Monday, 30 April 2018

Cassette Music 1 (1993) C60

My perception of the tape scene as was is that it pretty much went tits up in the mid-nineties. A few people struggled on, but we all knew it was over, supplanted by stuff recorded direct onto hard drives and distributed on CDR - a medium conducive to superior quality but which was never anything like so durable and had none of the charm. Of course more recently we have certain berks going back to tapes as some kind of artisanal statement for the same reason you'll occasionally get steampunk wankers issuing their most indubitably delightful examples of musical charivari on wax fucking cylinder, but let's be honest - it's over, upsetting though that certainly is, and you can never go home.

Dave Hopwood's Personal Soundtracks label has therefore come to represent - at least in my mind - one of the last great flourishes of the cassette, someone finally getting it right just before the lights went out, so to speak. There may have been others more deserving of such accolades, but I never heard them, so that's why I'm writing about this tape rather than them. Personal Soundtracks released five of these Cassette Music compilations (at least I'm not aware of there having been a volume six), and the music was always good, or worth hearing at the very least; the covers, as designed by Shaun of factor X, were decent; and it really felt as though some care and attention to detail went into these things - an entertaining sixty minutes worth as Scott McCrae wrote in his review in Music from the Empty Quarter #9. There was a similarly positive write up in Impulse #5, and I was going to reproduce both reviews here, but I've just had a quick look and aside from the thumbs up, they just tell you what's on the tape, so I can't be arsed.

If you've been following this blog, you should be familiar with a few of these names - Operation Mind Control, factor X, Chemical Plant, and Symboliks at least; Patternclear was Phil from Stress, the Stick Insects and others; Antonym was Mr. Burnham who edited Soft Watch - and I have a couple of his tapes to digitise at some point; Venus Fly Trap were, so I believe, Alex Novak, later of Attrition, and others - a familiar name, usually as the token rock band on tapes full of people reading poems over the sound of refrigerator hum, but it was always a pleasure to see their name on whatever had just fallen through the letter box; I believe Mr. Hopwood himself played the skins for Pranksters at some stage, and I'm not sure about any of the others - except the Chemical Plant track makes me wish I'd picked up more of their werks at the time.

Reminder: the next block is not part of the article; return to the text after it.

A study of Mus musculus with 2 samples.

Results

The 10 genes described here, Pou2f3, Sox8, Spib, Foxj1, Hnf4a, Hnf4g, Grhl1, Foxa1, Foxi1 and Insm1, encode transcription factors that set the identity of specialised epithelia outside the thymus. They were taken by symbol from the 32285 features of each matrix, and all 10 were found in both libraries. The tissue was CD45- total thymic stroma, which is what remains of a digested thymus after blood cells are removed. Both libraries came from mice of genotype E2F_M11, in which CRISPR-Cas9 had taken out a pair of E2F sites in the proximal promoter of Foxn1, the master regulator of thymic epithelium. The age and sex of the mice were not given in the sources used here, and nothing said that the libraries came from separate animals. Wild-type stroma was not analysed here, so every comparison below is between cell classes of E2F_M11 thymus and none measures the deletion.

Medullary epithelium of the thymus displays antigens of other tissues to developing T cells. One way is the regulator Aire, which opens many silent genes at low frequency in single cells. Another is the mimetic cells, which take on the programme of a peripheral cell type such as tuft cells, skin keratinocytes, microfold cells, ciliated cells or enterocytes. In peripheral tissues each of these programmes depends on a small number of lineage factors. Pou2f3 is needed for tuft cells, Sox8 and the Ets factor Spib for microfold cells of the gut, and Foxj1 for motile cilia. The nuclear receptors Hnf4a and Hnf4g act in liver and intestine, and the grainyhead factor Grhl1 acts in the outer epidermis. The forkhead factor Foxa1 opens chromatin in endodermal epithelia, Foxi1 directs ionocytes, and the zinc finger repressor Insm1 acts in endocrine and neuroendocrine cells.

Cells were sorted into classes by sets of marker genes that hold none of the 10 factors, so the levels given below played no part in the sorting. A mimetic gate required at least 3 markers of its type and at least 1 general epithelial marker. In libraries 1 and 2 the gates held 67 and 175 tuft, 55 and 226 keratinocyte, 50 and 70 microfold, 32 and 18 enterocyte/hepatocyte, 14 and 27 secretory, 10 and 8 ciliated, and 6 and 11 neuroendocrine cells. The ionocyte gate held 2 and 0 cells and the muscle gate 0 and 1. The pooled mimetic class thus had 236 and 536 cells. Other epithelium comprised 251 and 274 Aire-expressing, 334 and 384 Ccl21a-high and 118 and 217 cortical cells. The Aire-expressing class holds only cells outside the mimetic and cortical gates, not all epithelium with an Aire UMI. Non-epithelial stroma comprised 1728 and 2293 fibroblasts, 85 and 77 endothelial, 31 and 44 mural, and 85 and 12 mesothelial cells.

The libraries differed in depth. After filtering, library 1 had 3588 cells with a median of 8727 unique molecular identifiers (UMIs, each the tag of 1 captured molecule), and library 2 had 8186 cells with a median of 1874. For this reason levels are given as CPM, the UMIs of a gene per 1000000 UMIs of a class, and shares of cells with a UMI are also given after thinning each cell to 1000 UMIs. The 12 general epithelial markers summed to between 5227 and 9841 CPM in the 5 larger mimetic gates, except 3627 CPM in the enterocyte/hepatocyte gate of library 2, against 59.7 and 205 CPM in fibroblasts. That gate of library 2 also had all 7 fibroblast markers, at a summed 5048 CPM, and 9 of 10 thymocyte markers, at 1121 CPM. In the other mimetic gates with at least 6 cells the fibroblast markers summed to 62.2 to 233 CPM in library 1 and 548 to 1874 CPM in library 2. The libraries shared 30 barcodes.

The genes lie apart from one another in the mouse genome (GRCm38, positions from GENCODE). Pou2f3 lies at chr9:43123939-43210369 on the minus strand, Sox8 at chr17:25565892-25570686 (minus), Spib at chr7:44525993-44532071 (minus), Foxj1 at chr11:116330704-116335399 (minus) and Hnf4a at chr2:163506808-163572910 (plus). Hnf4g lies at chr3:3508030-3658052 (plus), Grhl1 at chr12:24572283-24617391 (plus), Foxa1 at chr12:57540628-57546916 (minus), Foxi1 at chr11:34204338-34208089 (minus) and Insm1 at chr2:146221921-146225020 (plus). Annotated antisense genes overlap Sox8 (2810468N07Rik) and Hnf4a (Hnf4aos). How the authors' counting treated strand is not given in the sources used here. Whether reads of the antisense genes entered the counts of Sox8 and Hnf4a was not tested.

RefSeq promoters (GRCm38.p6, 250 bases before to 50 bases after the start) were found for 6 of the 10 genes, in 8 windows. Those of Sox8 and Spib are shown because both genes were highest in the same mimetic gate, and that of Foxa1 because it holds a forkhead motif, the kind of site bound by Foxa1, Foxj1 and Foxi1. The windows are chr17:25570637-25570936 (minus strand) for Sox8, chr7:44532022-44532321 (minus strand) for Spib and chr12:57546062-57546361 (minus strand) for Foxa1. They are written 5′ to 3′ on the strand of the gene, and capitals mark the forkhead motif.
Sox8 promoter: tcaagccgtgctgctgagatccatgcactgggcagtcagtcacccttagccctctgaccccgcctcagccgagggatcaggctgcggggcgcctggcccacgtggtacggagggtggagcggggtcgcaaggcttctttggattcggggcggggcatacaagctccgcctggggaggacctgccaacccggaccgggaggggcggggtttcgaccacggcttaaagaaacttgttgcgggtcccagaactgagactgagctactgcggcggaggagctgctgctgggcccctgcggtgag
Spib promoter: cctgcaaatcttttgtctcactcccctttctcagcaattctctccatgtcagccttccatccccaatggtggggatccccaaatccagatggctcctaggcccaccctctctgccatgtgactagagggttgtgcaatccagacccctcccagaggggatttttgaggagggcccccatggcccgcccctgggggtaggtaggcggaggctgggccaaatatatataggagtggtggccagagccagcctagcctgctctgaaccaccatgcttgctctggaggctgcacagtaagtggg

1 - Patternclear - Dreamscape
2 -
Operation Mind Control - Spark Intro
3 -
Westland - Pterodaktyl
4 -
Symboliks - Andeluvia
5 -
Pranksters - Brut Force
6 -
factor X - determinants
7 -
Antonym - Tranquil Skies
8 -
Chemical Plant - Dark Water (second mix)
9 -
Ozone Bandits - Black Rain Edit
10 -
Ozone Bandits - Slank
11 -
Er - Who
12 -
Symboliks - Getting Back
13 -
Architects Office - A0809.7
14 -
Pranksters - Govt. Agents
15 -
Antonym - Song for Karen
16 -
Venus Fly Trap - 19th Incident
17 -
Patternclear - Flamenco
Return to Index


  1. I still prefer The Venus Fly Trap with a live drummer, but this was to my knowledge, the only period in which they had one.
    And... Alex Novak was in Attrition before TVFT, and before that, he briefly appeared in the earliest demos of Dance Naked with Alan Rider and Kleo.

    1. Really? I always though Venus Fly Trap was his first band. I knew his name before he turned up on Smiling at the Hypogonder Club. I remember being surprised that he had joined Attrition.